Today a person with a disability may go to their local CIL and learn skills to help them advocate for living in the community. These skills can be learned. Some skills for independent living have a lot to do with being part of a community. My definition of independent living is making your own decisions and living with the results good or bad. I know I learned from my mistakes and that is all right. When I started planning to live on my own I asked questions, set goals and got advice from my local CIL. Now I use the bus, rent an apartment, pay bills, buy groceries, and eat at restaurants and save some money independently. A budget helped me with these things. While a budget may help you prioritize, it is good to work around people you like at a job you enjoy.
While I have made some bad decisions, learning from them helped me make better choices in the future. 45 years ago when the first CIL was formed the idea was not to set people up with ideal lives but allow them to live inclusively in the community. I made many mistakes and ended up moving back with my parents near Detroit. After my dad got a job in the Lansing area I moved with them back to the area. In 2000, after getting advice from my parents and making a plan with a psychologist I moved into my own apartment. Over time I made good and bad decisions and I got feedback and encouragement. Having a home personal assistant helped me set goals and do things that needed to get done.
In August of 2008 I started working for MDRC. It is good to know you can explain your decisions if need be. Which is only for self-esteem. To avoid a bad situation I would advise you not to hurry yourself. You can get experience and meet people through volunteer work. In 2000 I got impatient and rushed to work at a sheltered workshop. A situation I wrote about in an earlier blog. For reasons like a poor work environment and low pay I encourage you to get a job in the community. When you feel good about yourself you see your disability as a natural and beautiful part of human diversity. This is disability pride, and it can help you see your life as full of choices.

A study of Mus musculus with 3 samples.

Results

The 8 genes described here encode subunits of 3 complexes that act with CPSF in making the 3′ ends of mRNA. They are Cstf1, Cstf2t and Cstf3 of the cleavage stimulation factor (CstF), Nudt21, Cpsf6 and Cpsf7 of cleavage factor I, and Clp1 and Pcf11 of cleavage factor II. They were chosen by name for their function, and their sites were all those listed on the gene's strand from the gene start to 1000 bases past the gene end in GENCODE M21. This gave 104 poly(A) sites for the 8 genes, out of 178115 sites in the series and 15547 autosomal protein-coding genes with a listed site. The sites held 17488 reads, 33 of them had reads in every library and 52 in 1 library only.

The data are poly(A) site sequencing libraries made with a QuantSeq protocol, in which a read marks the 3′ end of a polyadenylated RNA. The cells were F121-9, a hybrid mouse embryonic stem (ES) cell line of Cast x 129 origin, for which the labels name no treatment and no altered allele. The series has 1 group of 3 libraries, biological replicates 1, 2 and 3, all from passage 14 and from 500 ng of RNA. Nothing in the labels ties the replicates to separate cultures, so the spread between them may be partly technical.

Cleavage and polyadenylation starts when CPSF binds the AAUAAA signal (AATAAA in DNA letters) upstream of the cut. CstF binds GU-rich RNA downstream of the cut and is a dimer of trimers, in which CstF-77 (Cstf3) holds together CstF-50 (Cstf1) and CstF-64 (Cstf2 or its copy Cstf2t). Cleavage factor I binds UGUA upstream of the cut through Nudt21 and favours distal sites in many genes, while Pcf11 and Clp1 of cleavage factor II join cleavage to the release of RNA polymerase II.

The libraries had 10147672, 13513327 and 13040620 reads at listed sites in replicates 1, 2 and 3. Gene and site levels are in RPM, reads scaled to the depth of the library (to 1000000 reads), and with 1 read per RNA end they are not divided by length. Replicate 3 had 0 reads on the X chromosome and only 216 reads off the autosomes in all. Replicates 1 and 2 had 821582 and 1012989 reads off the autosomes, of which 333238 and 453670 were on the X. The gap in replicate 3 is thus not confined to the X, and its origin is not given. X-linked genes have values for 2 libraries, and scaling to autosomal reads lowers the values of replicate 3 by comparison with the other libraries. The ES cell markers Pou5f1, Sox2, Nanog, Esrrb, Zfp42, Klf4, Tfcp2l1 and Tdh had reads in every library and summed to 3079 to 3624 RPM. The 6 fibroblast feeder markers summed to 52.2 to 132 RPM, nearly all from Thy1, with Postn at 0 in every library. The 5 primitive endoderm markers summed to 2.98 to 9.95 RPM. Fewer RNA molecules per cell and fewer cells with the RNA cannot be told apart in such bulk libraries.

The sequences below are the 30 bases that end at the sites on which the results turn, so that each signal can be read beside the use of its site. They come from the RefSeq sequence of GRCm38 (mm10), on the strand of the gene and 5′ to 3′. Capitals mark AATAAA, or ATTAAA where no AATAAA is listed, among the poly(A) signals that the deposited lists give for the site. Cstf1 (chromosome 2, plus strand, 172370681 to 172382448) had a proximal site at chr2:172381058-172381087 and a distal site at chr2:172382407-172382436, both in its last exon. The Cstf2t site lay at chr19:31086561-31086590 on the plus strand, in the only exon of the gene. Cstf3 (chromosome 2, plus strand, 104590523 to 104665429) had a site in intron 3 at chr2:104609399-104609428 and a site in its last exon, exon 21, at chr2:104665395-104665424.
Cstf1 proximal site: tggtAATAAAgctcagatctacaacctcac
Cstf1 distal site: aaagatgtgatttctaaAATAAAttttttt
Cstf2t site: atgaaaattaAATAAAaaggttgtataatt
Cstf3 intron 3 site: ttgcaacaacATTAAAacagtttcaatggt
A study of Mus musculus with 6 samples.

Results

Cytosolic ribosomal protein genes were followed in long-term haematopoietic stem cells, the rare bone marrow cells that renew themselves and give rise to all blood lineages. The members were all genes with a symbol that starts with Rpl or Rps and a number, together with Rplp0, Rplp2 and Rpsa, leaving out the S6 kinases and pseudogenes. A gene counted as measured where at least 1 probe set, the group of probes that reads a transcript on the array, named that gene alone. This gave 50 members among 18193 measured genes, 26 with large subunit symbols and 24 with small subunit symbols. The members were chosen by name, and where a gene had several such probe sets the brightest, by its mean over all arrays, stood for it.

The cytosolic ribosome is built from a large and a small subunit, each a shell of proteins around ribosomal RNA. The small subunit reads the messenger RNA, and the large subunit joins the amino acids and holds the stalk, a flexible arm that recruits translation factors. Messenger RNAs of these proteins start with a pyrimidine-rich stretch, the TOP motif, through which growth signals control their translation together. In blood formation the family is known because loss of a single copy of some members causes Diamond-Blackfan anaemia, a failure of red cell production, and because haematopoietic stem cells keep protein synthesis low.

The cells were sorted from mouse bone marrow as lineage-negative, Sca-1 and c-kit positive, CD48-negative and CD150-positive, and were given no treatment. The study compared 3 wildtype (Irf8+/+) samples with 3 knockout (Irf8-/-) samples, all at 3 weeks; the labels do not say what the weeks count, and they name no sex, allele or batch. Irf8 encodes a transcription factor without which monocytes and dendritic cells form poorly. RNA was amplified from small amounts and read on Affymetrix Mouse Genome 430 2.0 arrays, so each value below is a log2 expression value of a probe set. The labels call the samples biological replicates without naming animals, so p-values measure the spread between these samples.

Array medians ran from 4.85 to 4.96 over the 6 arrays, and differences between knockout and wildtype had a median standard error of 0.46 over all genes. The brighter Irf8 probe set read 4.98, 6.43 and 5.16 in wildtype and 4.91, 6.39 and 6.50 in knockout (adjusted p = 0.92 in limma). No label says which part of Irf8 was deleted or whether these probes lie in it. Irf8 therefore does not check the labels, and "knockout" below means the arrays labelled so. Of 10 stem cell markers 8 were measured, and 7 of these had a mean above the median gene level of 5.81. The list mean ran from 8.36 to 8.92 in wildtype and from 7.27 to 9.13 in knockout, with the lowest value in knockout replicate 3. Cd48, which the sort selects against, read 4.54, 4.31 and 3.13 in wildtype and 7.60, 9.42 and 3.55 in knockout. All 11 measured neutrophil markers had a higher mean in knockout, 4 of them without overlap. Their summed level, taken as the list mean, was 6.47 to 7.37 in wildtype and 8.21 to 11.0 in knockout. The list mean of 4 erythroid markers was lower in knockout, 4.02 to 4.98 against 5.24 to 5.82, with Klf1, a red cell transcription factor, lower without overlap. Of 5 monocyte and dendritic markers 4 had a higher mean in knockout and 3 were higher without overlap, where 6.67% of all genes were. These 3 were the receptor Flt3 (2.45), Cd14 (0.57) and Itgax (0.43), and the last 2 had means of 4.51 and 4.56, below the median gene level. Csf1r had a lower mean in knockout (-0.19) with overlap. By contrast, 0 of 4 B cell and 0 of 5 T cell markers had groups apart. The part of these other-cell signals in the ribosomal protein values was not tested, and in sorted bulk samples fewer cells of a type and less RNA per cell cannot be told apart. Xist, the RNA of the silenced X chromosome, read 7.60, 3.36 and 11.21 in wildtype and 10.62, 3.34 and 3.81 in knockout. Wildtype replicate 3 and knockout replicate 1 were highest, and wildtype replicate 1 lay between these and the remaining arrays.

You don’t need a job to have disability pride you just need to surround yourself with people who know disability is natural and beautiful. I encourage you to see yourself as having many opportunities. With a good idea of what’s in the community and an idea of your assistive technology options you can work towards inclusion. There may be community programs to look into. Ed Roberts, the founder of the CIL, went to UC Berkley and worked hard to achieve the right of inclusion. So I encourage you to use curb cuts and other tools of accessibility. Part of inclusion is seeing all your options, so I encourage you to see all your assets. Having a positive outlook with the willingness to take advice helps me practice personal choice in my community.